PhotoA recent poll revealed that more than a quarter of Americans (29 percent) plan to make New Year’s resolutions for the year ahead -- a slight increase from 2016.

Researchers from Saint Leo University found that traditional New Year’s resolutions held steady, with top responses being: lose weight (55 percent), save more money (56 percent), travel more (29 percent); and spend more time with family (26 percent).

A small number of respondents (4.4 percent) said they want to spend less time with family in 2018 -- up from last year’s response of 0.4 percent. Vacationing more and finding a new job also ranked in the top five resolutions with 29 percent and 27 percent, respectively.

“On the whole, the top resolutions found on the poll all reflect a desire toward self/life improvement with saving money and more time with family also being big winners,” Dr. Christopher Wolfe, associate professor of psychology at Saint Leo University, told ConsumerAffairs.

Age differences

The poll also revealed a few demographic differences when it came to New Year’s resolutions. Millennials were more likely to make resolutions that would help them improve their life and health in the coming year compared to Gen Xers.

Almost half of millennial respondents (49 percent) plan to make resolutions, while only 31 percent of those in the 36 to 55 age group will do so; just 16 percent of those in the 56+ age demographic said they will make New Year’s resolutions.

Positive change

While younger consumers may be more likely than their older counterparts to make resolutions, the reason for creating New Year’s resolutions tends to be the same across all age groups.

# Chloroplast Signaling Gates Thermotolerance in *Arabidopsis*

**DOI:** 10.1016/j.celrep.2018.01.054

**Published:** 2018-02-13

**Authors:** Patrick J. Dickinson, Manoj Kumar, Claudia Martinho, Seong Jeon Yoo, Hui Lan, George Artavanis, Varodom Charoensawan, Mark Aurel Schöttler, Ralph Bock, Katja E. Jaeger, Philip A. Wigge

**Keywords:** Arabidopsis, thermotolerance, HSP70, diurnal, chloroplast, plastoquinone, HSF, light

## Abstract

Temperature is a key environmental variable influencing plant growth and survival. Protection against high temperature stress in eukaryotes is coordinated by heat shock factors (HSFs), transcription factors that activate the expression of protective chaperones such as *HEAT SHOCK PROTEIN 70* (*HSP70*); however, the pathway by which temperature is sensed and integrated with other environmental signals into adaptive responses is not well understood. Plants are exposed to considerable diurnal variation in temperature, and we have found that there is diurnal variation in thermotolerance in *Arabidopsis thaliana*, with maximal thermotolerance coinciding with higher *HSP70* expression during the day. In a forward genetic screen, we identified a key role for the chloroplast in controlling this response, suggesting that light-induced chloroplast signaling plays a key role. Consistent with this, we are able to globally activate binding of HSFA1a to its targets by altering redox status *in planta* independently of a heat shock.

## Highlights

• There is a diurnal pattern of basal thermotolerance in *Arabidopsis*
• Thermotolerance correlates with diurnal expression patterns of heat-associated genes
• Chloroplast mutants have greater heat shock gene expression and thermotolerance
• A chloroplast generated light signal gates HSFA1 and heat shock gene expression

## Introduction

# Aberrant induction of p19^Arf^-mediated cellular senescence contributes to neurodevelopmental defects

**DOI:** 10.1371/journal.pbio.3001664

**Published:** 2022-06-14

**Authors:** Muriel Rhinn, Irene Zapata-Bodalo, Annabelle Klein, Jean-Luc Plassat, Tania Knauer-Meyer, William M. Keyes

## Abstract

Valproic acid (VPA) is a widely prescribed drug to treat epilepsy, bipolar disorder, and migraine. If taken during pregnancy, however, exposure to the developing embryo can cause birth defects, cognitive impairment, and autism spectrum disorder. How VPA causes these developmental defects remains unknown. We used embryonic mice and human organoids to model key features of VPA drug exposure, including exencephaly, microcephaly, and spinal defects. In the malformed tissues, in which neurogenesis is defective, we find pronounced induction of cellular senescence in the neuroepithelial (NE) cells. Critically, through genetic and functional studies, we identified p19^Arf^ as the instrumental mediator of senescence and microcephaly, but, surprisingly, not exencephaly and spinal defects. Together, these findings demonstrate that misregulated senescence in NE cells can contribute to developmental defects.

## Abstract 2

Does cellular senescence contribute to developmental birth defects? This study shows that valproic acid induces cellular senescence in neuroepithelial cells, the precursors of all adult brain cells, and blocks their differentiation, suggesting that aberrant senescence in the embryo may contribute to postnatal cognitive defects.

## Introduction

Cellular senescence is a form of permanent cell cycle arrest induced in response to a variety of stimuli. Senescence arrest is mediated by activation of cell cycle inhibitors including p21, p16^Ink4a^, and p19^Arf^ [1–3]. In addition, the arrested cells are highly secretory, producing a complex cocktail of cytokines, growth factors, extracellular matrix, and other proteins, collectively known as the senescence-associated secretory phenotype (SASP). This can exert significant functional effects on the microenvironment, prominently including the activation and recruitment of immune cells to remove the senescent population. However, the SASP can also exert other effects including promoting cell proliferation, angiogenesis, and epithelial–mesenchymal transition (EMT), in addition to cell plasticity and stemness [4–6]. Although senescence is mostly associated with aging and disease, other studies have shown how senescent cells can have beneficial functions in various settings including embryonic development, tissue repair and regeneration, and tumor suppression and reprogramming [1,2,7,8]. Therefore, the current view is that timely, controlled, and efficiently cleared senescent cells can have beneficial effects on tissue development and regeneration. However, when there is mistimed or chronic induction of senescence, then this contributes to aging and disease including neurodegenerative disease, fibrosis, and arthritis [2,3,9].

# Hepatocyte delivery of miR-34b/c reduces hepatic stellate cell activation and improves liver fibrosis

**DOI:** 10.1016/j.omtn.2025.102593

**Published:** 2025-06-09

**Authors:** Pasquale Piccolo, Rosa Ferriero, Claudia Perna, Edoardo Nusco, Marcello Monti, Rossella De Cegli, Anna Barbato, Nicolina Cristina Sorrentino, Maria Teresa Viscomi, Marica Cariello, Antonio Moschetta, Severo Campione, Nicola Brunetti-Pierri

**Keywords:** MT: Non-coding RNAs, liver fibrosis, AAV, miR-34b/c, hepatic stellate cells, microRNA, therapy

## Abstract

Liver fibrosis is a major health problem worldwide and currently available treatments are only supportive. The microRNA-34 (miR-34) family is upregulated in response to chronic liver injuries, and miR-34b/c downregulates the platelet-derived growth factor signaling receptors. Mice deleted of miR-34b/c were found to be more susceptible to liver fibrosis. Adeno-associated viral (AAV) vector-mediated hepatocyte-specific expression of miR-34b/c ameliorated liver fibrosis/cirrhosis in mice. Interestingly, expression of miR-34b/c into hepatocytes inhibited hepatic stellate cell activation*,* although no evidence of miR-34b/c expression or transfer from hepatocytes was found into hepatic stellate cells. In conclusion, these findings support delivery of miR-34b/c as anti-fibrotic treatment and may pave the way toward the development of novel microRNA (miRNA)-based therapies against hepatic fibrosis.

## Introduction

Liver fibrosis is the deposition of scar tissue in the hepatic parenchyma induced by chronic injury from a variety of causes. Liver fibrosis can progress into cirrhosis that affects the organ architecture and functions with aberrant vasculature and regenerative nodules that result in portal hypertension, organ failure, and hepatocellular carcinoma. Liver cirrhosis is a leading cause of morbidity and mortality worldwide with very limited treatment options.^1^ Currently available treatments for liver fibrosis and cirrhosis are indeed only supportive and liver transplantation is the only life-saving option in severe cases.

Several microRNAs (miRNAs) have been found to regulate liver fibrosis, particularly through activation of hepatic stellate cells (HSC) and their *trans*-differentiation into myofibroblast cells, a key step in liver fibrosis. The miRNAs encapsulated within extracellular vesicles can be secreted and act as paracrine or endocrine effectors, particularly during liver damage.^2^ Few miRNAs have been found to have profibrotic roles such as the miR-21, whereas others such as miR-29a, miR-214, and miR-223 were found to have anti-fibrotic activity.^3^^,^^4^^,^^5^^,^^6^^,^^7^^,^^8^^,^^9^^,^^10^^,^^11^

People make resolutions in an effort to create positive change in their life, Wolfe says. Resolutions “can act as a sign post, a benchmark, or even a line in the sand; from a static point, this change can begin,” he said.

“We are often so wrapped up in our day-to-day routine that the thought of change can be daunting,” he added. “But as one year gives way to the next, we take the opportunity to set out a goal and try to embrace a desired change in ourselves.”

Tips for keeping resolutions

To improve your likelihood of sticking to resolutions, it’s important to try to see them as a beginning point -- “not an ultimatum or a race,” says Wolfe.

Setting small goals and embracing the fact that you may occasionally fail at keeping them can make sticking to resolutions seem less daunting.

“As our bad habits took time to set in, these new patterns of change will also take time to take hold and for real results be seen,” Wolfe said. Embracing this mindset towards resolutions can help ensure you don’t abandon your goals at the first sign of a setback.

Wolfe recommends focusing on small victories that support your resolution to help you stay motivated. It can also be helpful to take note of obstacles that you experience along the way..

“Look for triggers that may distract you from keeping your resolution and consider writing them down. Keep a small notebook of these triggers and add to it as you experience them,” he said. “The acts of writing them down and carrying the reminder may help to curb these triggers over time.”